Funny how things work sometimes.  Over the past 23 years, I have noticed an interesting pattern in Florida community associations.  When money is tight and foreclosures are soaring, associations are far less likely to engage in litigation.  Suddenly, nobody really cares what color someone painted their house or whether or not they have a pick-up truck in their driveway.


The reverse of that is true as well.  When foreclosures are low, suddenly there are apparently more violations than ever, none of which will be tolerated and it’s off to the courthouse for everyone.  That seems to be what is happening now, as the foreclosure crisis draws to a close.  Litigation is picking up.


Over the years, Florida association law has changed by removing certain types of cases from the courts that involve community associations.  There is a difference however in how condominiums and homeowner associations addressed this issue.


Most disputes in condominiums must start off in arbitration rather than court.  A petition is filed with the Department of Business and Professional Regulation and the case is assigned to an arbitrator.  These types of cases generally include election and recall disputes, material alterations to the common areas, failure to properly notice meetings and failure to provide access to records.  The idea behind the arbitration statute was simply to keep cases out of a real courtroom.  Arbitrators can even assign your case to a mediator who will meet with the parties and attempt to get the matter resolved.  Here is the problem though with the current statute.  If the arbitrator refers the case to the mediator, and the mediator fails to achieve a settlement, either party may refuse to continue with arbitration and then either party may pursue their case in a court of law.  The statute makes no sense.  Just like in court, if the mediator fails to achieve a settlement, the case should go back to the decision maker, the arbitrator, for a final resolution.  Why spend money arbitrating, only to be forced into a courtroom if the mediation doesn’t work out where the money is now really about to fly?   The arbitrator should simply make a ruling.


I just drafted proposed legislation that hopefully will fix this mess and require the arbitrator to finish the case if the mediator does not achieve a settlement.  It will put an end  to either party deliberately not settling at mediation, knowing that by doing so they force the other party to litigate in court if they want to protect their rights, but that it’s highly unlikely that they will choose that route because they can’t afford it and will simply have to drop the case.  When the bill is actually filed, I will encourage all of you to voice strong support for it.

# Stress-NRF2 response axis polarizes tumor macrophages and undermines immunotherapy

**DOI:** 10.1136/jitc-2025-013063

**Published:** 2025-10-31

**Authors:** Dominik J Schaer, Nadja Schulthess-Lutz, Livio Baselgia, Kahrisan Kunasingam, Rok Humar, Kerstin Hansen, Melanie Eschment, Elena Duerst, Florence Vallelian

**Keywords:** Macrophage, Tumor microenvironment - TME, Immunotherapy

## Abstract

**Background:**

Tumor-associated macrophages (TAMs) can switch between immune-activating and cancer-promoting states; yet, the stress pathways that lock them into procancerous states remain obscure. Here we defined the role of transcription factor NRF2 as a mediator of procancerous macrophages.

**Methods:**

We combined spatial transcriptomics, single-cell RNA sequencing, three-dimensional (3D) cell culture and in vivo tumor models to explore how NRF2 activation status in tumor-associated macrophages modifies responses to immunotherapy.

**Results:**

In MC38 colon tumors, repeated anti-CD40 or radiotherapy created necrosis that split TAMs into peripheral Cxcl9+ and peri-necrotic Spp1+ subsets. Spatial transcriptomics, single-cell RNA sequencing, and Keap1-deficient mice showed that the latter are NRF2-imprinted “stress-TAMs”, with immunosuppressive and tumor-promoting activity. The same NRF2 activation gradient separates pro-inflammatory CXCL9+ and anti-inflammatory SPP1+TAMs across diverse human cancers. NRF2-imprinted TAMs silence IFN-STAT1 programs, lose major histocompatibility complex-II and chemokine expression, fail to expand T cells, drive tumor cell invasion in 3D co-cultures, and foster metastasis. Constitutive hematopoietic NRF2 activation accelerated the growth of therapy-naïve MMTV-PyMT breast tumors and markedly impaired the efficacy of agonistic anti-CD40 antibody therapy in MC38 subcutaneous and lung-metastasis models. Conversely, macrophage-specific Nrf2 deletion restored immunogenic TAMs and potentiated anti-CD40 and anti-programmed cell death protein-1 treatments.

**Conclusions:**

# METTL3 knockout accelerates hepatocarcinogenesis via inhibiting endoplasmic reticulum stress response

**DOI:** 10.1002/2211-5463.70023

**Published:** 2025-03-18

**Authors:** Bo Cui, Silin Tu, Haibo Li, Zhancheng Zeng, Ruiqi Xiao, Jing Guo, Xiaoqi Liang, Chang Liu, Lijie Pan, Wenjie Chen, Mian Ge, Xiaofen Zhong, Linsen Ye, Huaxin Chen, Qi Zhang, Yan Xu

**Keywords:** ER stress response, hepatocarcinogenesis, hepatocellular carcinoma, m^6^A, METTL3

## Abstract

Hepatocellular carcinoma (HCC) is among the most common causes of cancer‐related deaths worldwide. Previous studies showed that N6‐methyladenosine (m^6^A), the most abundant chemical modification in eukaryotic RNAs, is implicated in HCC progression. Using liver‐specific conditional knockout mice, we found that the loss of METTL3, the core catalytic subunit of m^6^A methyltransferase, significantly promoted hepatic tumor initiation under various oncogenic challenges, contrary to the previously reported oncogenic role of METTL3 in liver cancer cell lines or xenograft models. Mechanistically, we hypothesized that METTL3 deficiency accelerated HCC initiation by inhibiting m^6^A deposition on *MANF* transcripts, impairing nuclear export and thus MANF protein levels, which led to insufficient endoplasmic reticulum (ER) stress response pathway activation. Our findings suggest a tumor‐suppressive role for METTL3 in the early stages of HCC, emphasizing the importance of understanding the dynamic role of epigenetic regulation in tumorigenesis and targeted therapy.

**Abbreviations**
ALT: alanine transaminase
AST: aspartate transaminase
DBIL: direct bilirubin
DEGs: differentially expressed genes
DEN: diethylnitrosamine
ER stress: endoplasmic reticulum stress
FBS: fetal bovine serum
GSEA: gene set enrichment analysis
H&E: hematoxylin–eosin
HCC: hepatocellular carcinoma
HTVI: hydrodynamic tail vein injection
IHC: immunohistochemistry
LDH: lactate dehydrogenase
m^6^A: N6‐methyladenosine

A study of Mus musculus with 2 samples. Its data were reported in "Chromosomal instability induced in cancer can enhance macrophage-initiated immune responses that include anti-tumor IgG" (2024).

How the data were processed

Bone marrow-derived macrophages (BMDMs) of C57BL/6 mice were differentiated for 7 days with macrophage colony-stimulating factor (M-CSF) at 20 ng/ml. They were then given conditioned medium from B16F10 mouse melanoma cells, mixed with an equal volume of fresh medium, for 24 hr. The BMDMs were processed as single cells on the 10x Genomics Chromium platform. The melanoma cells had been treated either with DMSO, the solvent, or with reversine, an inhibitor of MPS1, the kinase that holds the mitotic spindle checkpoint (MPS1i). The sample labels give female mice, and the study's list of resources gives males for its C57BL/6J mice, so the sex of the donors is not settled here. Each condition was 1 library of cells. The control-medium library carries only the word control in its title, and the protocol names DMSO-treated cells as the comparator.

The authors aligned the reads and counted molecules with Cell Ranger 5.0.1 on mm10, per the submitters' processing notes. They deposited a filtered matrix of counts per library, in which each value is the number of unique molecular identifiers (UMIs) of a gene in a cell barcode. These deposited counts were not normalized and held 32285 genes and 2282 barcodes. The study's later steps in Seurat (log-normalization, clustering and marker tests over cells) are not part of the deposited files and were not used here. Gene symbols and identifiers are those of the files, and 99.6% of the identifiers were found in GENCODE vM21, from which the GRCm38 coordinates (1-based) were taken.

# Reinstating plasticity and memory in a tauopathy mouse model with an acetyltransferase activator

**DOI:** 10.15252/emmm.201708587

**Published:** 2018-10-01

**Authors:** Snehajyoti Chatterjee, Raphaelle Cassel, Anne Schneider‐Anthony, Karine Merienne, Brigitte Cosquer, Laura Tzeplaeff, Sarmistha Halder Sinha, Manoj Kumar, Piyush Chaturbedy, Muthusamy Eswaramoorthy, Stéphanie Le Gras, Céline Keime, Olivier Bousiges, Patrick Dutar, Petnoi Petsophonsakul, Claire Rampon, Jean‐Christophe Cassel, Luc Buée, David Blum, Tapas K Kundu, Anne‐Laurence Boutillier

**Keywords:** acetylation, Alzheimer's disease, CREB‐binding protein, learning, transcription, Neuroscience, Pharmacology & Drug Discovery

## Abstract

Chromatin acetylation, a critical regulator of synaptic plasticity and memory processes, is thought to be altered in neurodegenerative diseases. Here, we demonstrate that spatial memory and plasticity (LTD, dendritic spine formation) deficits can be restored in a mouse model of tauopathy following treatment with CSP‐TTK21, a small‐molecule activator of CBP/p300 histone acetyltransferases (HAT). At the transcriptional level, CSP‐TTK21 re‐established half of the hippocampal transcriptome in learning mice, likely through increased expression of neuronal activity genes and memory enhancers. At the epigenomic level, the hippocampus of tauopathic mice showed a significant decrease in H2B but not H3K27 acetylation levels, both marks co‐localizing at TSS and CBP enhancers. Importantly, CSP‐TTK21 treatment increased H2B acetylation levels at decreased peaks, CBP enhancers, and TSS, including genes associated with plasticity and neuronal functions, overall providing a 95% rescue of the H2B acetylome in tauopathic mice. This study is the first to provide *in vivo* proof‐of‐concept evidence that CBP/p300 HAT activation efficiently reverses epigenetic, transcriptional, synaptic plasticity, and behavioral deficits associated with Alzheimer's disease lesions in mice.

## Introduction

About 7 years ago, I had the honor of being appointed as a Circuit Court Mediator by The Florida Supreme Court.  For those of you who don’t know what mediation is, here’s a brief primer.  A mediator sits at the head of a conference table and asks the parties and the lawyers to discuss the merits of their case.  He or she tells them that it’s best to resolve the case today on terms that they can each live with, although neither party will certainly get everything they want.  The proceedings are completely confidential.  When I act as a mediator, I always tell the parties that if both sides walk out feeling a little miserable, I probably did a good job that day.  If the parties don’t settle at mediation, they are made aware that litigation is often grueling, nerve racking, never-ending, tiresome, costly, aggravating and most importantly, unpredictable.  The truth is…..despite every attorney thinking their case is excellent, they are wrong half the time.  And, even when you win, its unlikely you will recover everything you thought you deserved.


HOA members are lucky.  Florida law requires disputes in an HOA to be mediated before going to a courtroom.  A good mediator should be able to settle these fights between an association and an owner in an overwhelming majority of cases.  Mediation works and is a wonderful idea.


I write this blog today after settling a case last week that I worked on for longer than a decade.  The terms of the settlement are confidential.  The case settled at a mediation conference.  Throughout the years, there have been countless court hearings, depositions, client meetings, thousands of pages of documents drafted and court decisions that both parties weren’t always thrilled with.  Never mind the expense and aggravation and time along the way.  Mediation finally put an end to all of that.


Of course not every case can be settled, but statistics show that about 99% of all cases are ultimately settled without going to trial.  I’m all in favor of trying to accomplish same early in the process, like the HOA statute tries to do.  If you’re looking for complete justice in a courtroom, I’m telling you that far more often than not, you are going to be disappointed.


Have any of you been wrapped up in a never ending legal nightmare?  How did it turn out?  Would you do it all over again?  Did you mediate?  Did that result in a settlement?  How about some stories, suggestions and opinions?